My first encounter with an elephant was not actually with the elephant but with the exceedingly large pile of dung it had left outside my tent. I’d slept soundly throughout the night, completely unaware that just the other side of the canvas walls an elephant was also dozing. I’d woken up in the morning and performed my ablutions in the en suite; he (or she) had taken a giant crap on the path and then wandered off in search of breakfast.
As with the hippos, you don’t want to get too close to an elephant when you’re on foot. The noise of an engine can spook them, too, so guides and rangers tend to keep their distance even when they are in a 4×4. The safest way to get an intimate encounter is by boat when the elephant come down to the water’s edge to drink from the river.
With wildlife guide Angel at the helm, we motored out from the little wooden pier at Mvuu and headed south. We zigzagged back and forth across the breadth of the Shire, avoiding the pods of hippos but also checking out the banks for sightings of crocodiles and birds. It was then that we came across our bloated crocodile corpse and the hungry hippo. It was fascinating to watch, but too gruesome to linger long.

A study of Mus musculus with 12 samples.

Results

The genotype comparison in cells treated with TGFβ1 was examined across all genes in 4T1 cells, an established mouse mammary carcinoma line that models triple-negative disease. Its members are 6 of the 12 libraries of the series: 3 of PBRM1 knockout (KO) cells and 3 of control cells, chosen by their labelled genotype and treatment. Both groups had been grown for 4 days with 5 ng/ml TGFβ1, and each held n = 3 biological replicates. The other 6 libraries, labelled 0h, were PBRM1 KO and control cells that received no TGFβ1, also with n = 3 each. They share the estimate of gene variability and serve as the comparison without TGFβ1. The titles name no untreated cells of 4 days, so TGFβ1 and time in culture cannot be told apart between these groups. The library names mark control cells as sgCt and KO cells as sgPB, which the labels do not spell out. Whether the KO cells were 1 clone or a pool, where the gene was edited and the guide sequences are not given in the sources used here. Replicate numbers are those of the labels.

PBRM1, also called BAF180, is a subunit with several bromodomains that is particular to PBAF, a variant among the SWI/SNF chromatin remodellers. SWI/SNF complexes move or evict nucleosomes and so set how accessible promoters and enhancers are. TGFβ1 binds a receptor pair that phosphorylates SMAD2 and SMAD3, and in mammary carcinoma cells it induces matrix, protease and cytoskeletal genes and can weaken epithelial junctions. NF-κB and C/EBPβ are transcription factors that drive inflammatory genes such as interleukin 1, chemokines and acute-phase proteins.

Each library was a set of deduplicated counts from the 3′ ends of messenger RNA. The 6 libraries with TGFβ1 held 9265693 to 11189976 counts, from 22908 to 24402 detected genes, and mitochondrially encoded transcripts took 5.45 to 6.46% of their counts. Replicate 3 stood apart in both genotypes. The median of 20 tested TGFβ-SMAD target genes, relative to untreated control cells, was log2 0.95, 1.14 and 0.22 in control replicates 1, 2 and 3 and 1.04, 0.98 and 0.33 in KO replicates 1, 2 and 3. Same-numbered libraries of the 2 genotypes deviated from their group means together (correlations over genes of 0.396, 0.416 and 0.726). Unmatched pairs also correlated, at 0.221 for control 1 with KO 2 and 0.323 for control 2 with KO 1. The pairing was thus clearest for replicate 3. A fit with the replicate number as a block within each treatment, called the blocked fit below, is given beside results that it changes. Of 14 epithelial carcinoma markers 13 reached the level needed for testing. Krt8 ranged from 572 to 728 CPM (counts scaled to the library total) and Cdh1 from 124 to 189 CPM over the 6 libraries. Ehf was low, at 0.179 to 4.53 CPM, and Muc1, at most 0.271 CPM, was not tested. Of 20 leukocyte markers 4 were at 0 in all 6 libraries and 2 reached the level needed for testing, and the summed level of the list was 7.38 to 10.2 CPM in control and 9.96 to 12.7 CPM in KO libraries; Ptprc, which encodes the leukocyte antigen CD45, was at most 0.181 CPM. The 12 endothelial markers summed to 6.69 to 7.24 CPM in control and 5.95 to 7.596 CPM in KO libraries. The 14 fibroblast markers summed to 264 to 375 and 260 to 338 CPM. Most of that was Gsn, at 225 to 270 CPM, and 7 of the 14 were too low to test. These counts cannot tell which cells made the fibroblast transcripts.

The Shire is wide and deep in Liwonde; not too much further on, it flows into the mighty Zambezi. Meanders and occasional sandbanks break up the expanse of water, and it was on one sandy and grassy spear jutting out into the river that I saw the silhouette of my first elephant. In fact, there were two, a mother and her tiny calf just standing and looking out. They looked majestic, and I’m not being overly dramatic if I say that I wanted to cry.
But the best was yet to come. Angel’s eyes were sharper than mine and more accustomed to spotting telltale signs in the bushes. He manoeuvred the boat from its course in the centre of the river towards the bank, and as we draw closer I realised why. The mother and calf we’d sighted on the headland were just the advance party; dozens of other elephants from their herd were coming out of the trees to drink.